Fewer Canadians buy U.S. homes as currency weakens

— -- Canadians — who recently ranked as the No. 1 foreign buyers of U.S. homes — have curtailed purchases in recent weeks because of a rapid decline in the strength of the Canadian dollar, Realtors in both countries say.

Canadians accounted for 23.6% of foreign buyers of U.S. homes in the 12 months ended in May — double the percentage of the prior year — a recent report by the National Association of Realtors said.

The Canadians were driven by the strength of their dollar. It reached parity with the U.S. dollar for the first time in three decades in September 2007 and remained above or near the even mark until last summer. But since Oct. 1, it's down 11% and is now worth 86 cents, nearing 2005 levels.

That's reduced the buying power of Canadians and made U.S. homes less appealing to them despite much lower prices brought on by the USA's foreclosure crisis.

At the same time, fewer U.S. lenders are doing home loans for foreign buyers, and some are requiring heftier down payments.

"There's definitely been a slowdown," says Re/Max Realtor Trevor Matheson in Edmonton, Alberta. "For a while, there was a big influx of Canadians into the U.S. for foreclosed properties."

Florida landed a third of Canadian purchases in the 12 months ended in May, followed by Arizona at 27%, the NAR said.

Phoenix Realtor Mark Dziedzic says his Canadian clientele has fallen 30% in the past several weeks. He expects it to bounce back once buyers digest the events of the past month and look again at depressed U.S. home prices. "We had a full year of a flurry of buyers. A bit of this panic is short term."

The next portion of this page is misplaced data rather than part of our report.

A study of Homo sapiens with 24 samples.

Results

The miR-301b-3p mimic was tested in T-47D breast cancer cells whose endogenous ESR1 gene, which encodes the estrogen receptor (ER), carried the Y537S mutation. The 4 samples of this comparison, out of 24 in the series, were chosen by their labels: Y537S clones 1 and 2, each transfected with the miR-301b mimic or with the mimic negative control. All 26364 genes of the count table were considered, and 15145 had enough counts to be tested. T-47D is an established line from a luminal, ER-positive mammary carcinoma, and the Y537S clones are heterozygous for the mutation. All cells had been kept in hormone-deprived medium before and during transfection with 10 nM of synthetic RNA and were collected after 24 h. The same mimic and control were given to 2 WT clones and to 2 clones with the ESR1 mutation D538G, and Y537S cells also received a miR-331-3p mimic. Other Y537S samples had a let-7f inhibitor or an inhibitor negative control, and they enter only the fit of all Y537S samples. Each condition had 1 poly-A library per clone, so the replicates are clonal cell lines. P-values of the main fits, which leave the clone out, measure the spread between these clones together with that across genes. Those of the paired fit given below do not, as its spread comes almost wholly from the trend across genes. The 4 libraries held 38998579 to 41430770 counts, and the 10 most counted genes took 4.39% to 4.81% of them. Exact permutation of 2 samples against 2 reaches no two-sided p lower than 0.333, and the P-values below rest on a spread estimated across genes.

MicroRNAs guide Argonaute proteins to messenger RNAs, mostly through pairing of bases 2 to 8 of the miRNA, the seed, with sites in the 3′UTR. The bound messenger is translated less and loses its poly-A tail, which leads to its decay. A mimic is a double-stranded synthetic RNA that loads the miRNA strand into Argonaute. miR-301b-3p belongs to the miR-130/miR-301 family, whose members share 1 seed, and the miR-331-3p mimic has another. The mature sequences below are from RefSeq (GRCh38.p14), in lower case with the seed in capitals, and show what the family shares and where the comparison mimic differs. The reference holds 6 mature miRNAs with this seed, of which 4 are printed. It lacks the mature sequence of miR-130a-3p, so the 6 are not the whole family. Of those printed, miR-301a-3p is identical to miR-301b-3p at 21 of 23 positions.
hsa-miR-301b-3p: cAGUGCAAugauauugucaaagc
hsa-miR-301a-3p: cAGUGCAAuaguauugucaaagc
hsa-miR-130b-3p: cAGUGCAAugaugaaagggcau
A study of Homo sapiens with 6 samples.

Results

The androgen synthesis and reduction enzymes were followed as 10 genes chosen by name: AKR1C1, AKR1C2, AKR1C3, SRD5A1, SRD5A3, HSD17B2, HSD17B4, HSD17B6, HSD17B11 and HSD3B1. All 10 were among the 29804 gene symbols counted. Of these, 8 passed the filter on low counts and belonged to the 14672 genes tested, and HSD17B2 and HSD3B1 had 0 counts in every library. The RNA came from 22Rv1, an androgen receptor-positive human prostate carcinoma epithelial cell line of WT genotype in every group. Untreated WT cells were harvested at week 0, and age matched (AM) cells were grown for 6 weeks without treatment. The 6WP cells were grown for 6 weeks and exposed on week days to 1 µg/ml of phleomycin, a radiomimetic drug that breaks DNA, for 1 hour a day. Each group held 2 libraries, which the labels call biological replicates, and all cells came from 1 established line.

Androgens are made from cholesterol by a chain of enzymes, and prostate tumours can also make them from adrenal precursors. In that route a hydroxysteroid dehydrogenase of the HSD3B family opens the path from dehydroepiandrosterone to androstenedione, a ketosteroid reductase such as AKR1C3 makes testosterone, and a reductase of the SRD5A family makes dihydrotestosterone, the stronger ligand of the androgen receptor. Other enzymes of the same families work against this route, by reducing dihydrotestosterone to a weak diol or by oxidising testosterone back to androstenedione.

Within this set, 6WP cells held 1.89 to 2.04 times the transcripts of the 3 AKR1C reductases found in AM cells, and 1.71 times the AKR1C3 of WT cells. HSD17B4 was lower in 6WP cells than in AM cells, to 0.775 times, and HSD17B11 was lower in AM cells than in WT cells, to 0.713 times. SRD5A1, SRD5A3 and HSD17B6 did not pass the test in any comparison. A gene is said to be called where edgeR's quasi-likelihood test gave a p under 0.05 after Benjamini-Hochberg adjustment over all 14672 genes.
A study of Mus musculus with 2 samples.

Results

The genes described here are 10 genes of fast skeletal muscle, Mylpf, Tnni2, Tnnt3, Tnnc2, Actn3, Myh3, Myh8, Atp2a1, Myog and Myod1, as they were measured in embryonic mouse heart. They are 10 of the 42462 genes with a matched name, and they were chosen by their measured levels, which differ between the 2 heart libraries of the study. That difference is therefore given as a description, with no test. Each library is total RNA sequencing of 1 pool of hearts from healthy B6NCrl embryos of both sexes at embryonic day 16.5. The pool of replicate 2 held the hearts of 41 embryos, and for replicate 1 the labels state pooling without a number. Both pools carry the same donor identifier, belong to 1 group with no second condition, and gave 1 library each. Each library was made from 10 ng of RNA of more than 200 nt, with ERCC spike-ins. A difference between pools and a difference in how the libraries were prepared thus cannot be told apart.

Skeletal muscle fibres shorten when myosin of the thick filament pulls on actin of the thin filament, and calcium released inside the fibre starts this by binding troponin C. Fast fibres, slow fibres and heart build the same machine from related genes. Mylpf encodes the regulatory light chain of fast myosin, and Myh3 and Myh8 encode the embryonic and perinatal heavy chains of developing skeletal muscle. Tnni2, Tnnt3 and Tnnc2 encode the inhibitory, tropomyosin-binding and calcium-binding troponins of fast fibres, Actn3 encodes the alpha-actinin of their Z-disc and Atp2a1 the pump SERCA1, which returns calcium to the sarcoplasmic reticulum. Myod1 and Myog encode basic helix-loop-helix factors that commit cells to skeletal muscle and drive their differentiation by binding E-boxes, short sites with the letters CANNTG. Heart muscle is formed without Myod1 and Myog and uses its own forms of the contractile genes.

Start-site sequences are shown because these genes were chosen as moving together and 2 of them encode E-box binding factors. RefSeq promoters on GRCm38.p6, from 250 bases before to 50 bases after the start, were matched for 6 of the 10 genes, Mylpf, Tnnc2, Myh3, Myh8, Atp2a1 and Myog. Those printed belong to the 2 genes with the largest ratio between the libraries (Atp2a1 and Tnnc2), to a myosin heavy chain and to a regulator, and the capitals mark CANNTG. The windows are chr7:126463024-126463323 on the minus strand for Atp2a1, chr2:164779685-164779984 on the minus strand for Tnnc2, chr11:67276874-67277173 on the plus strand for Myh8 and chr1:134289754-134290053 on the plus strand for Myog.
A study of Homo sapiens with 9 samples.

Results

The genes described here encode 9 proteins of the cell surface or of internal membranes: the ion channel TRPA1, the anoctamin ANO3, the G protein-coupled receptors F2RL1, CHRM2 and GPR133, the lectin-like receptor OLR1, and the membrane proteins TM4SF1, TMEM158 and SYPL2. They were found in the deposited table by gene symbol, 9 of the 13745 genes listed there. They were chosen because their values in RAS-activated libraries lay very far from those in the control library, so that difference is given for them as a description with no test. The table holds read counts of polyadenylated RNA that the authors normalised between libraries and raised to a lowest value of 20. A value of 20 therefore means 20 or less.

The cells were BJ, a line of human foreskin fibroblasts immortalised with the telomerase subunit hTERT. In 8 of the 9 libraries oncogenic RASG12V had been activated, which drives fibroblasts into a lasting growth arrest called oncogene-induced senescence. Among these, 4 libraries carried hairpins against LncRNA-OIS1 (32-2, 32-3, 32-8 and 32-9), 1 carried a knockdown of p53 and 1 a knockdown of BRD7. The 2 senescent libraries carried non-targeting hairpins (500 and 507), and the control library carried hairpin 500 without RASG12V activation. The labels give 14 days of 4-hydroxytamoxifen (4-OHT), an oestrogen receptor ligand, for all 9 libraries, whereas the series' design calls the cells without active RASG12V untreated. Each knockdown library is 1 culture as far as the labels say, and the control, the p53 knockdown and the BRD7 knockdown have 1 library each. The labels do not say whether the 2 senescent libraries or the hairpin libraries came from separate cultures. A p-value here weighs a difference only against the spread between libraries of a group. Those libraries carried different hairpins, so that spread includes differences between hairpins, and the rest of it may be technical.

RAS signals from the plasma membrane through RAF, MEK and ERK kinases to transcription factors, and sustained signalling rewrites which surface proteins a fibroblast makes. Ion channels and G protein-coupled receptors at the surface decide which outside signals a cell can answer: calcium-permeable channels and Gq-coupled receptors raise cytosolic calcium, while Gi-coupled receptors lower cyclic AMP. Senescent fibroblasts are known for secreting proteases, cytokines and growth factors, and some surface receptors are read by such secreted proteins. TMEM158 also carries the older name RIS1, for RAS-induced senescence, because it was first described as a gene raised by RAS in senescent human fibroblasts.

Nataly Lessard, Realtor with Coldwell Banker in Fort Lauderdale, specializes in Canadian clients. While fewer are looking, she says, more are convinced that it's time to buy, given signs that prices in the region may have bottomed.

Foreign buyers are estimated to account for only a tiny percentage of U.S. home sales. But they're a bigger factor in vacation hot spots, such as Florida, Arizona and California. The NAR, for instance, found that foreign buyers accounted for 7.3% of Florida home sales in spring 2007.

The NAR's most recent report said foreign buying had decreased from the previous year.

But Canadians "made a huge leap" because of the strength of their currency, says Lawrence Yun, NAR senior vice president. That currency has since suffered as oil prices plunged and the economic malaise that gripped the U.S. spread worldwide.

The NAR report notes that Canadians are famous for paying cash — almost 70% vs. 43% for foreign buyers overall. Even so, tighter lending standards are derailing some buyers, says Diane Watson of Realty Executives in Scottsdale, Ariz.

One of her Canadian clients had a pool of buyers looking to buy 10 condominiums with 20% down. Lenders have said they'll only lend on single-family homes with 40% down, she says. "The buyers were ready to go. Now they're reconsidering," she says.

Phoenix mortgage broker John Coats of On Q Financial says he has one lender doing loans for Canadians. A year ago, he had seven. He says lenders fear that foreign loans will make them look too aggressive, an image they shun given the loose lending practices that preceded the USA's real estate meltdowns.

"The pendulum has swung too far the other way," he says.